Adobe has updated its Creative Cloud (CC) licensing model again, this time moving from device licensing to shared device licensing (SDL). This change requires that we migrate all existing university device licenses to the new SDL model in order to access the newest versions of the Adobe CC apps. Converting from device licenses to SDL is free and automatically available to all device licensed accounts. Named-user licenses remain unchanged and are not affected by this update.
You may be wondering what the difference is between the two license models and why we need to do this. Adobe’s response to this question was provided in their presentation “Shared Device License: Why the change to this new licensing type?” In summary, it tells us that SDL provides the following, which is not available with device licenses:
- The most current version of the Adobe CC apps (device licenses cannot be used to install any apps newer than the 2018 version)
- Access to Cloud connected Services/Connections like Adobe Sensei, shared libraries, and cloud storage
- New Cloud First apps: XD, Spark Premium, and Premiere Rush.
- Complete functionality in Apps like Photoshop and Premiere Pro
- The ability to sign in to the Creative Cloud desktop on a shared device. (This is a huge benefit to the students that are using these apps in the lab environment; the students are frequently moving back and forth between using the lab computers and their own personal computers.)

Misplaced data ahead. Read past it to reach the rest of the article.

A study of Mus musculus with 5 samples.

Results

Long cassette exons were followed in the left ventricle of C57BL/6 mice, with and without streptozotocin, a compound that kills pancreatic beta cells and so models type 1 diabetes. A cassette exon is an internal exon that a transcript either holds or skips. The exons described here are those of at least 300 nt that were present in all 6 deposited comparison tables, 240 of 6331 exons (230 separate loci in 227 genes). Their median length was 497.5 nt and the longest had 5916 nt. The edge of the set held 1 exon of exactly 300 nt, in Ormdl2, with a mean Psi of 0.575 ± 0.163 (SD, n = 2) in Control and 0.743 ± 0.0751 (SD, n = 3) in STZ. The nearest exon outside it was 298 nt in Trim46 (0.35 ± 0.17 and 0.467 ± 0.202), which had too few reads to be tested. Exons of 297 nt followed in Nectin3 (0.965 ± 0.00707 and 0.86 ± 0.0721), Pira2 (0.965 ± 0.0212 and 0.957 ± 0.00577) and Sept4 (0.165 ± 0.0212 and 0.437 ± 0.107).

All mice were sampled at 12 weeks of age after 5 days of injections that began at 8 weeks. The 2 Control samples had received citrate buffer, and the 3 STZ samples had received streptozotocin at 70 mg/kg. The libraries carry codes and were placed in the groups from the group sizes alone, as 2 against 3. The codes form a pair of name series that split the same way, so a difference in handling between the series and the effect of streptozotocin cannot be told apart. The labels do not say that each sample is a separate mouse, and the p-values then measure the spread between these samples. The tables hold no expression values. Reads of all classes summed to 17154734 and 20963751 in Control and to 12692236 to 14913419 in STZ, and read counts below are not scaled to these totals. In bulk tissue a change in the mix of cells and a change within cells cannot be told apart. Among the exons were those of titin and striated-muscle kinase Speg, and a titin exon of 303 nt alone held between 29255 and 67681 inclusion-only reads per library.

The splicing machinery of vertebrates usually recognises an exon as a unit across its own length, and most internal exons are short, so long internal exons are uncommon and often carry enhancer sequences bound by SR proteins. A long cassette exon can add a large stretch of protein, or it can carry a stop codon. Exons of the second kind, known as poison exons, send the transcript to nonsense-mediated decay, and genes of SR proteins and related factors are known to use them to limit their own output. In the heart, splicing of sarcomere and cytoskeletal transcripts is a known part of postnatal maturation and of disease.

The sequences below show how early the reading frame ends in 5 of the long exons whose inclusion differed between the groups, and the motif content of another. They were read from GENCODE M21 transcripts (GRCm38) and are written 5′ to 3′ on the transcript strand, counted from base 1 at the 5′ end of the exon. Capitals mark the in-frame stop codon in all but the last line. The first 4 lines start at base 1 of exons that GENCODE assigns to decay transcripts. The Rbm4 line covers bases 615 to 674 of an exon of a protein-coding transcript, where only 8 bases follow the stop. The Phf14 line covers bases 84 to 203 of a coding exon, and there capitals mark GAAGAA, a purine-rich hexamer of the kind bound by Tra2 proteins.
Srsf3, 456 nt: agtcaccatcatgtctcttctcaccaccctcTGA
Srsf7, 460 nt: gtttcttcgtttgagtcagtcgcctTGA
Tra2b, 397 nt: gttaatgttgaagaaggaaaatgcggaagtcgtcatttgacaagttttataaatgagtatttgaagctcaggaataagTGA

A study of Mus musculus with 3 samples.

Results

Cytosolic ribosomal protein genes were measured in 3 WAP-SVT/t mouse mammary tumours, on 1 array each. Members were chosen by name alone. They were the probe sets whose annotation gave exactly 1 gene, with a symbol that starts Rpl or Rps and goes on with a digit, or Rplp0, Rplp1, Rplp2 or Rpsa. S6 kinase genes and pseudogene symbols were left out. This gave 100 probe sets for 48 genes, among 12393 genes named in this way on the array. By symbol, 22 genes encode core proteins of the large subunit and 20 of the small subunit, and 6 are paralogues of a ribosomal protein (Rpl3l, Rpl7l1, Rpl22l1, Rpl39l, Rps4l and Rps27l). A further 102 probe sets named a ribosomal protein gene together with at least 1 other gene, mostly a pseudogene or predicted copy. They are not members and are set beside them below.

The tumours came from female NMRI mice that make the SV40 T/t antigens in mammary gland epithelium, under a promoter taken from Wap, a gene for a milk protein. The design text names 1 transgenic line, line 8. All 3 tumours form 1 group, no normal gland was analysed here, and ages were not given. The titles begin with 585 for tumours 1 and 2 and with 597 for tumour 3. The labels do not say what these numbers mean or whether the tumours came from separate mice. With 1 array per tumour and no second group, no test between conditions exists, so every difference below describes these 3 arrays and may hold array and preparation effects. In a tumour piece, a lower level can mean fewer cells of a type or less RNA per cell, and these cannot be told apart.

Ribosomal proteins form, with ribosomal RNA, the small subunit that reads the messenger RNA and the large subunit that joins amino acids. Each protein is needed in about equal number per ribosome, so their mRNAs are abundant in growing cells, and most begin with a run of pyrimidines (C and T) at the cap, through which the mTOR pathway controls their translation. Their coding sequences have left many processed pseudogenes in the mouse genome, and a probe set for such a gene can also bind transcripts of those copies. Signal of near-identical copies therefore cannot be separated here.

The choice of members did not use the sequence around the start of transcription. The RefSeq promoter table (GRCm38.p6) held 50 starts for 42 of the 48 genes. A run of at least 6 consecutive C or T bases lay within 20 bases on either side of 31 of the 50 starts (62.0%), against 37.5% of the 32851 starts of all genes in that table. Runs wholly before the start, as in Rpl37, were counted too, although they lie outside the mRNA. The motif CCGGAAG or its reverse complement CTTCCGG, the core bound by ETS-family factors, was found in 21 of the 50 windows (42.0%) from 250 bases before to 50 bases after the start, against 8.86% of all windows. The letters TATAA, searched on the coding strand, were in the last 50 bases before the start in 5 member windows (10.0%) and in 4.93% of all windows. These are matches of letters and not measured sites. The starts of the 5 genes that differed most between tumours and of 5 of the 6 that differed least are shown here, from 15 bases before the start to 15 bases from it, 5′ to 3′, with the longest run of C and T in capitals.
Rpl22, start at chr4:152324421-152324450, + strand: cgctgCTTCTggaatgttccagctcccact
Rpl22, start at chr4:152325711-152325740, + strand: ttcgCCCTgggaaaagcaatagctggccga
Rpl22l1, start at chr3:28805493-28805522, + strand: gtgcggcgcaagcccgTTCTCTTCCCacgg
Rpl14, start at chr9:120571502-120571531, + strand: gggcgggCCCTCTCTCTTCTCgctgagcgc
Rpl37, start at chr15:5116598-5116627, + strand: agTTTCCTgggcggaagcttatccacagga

- Resolution for license conflicts when named-users attempt to use computers with a device-based license
Furthermore, all current device licenses will cease functioning by December 31, 2019.
Signing in to the Adobe CC desktop was discouraged under the old device license model, but will now be required in order to use the Adobe CC apps on a shared device. When you launch an Adobe CC app on a device with SDL, you will be prompted to sign in with your individual Adobe ID (this is not your Widener login ID). The apps can only launch after a successful sign-in. The SDL does not directly entitle you to access any services such as storage, libraries, fonts, stock, etc. However, if you already have these entitlements under your Adobe ID account, these services are now accessible from a shared device.
Another benefit of the SDL model is the protection of students’ work product. Students often forget to sign out after the class or lab session is complete. To protect them and their work/assets, users are periodically prompted with an account confirmation dialog box. This ensures that a subsequent user on a lab computer does not have access to assets that the previous user was working on.
With this periodic license checking and mandatory sign-in process, you may be wondering how you can access the Adobe CC products without an active internet connection. The short answer is that you can’t. The computer must be online so that you can sign in and use the Adobe Cloud services. While you only have to sign in once per session, Adobe continues to check for the license every 90 minutes after the initial sign-in. So, if the machine goes offline, it can only stay offline for 90 minutes before Adobe checks the license again. This is something that Adobe is working to fix.
If you have a device license and frequently need to use the Adobe CC apps offline, you may want to consider changing to a named-user license. You should probably consider changing to a named-user license anyway. SDL is ideal for computers in labs or classrooms, but not designed for individual machines with dedicated users. For dedicated users, we recommend named-user licenses. Please contact Linda Peifer (ext. 1037) to request a quote and obtain the current pricing for a named-user license.
If you have any questions or concerns about your Adobe CC device license migration to the SDL, please contact Client Success at ITSClientSuccess@widener.edu or call the HelpDesk for your campus.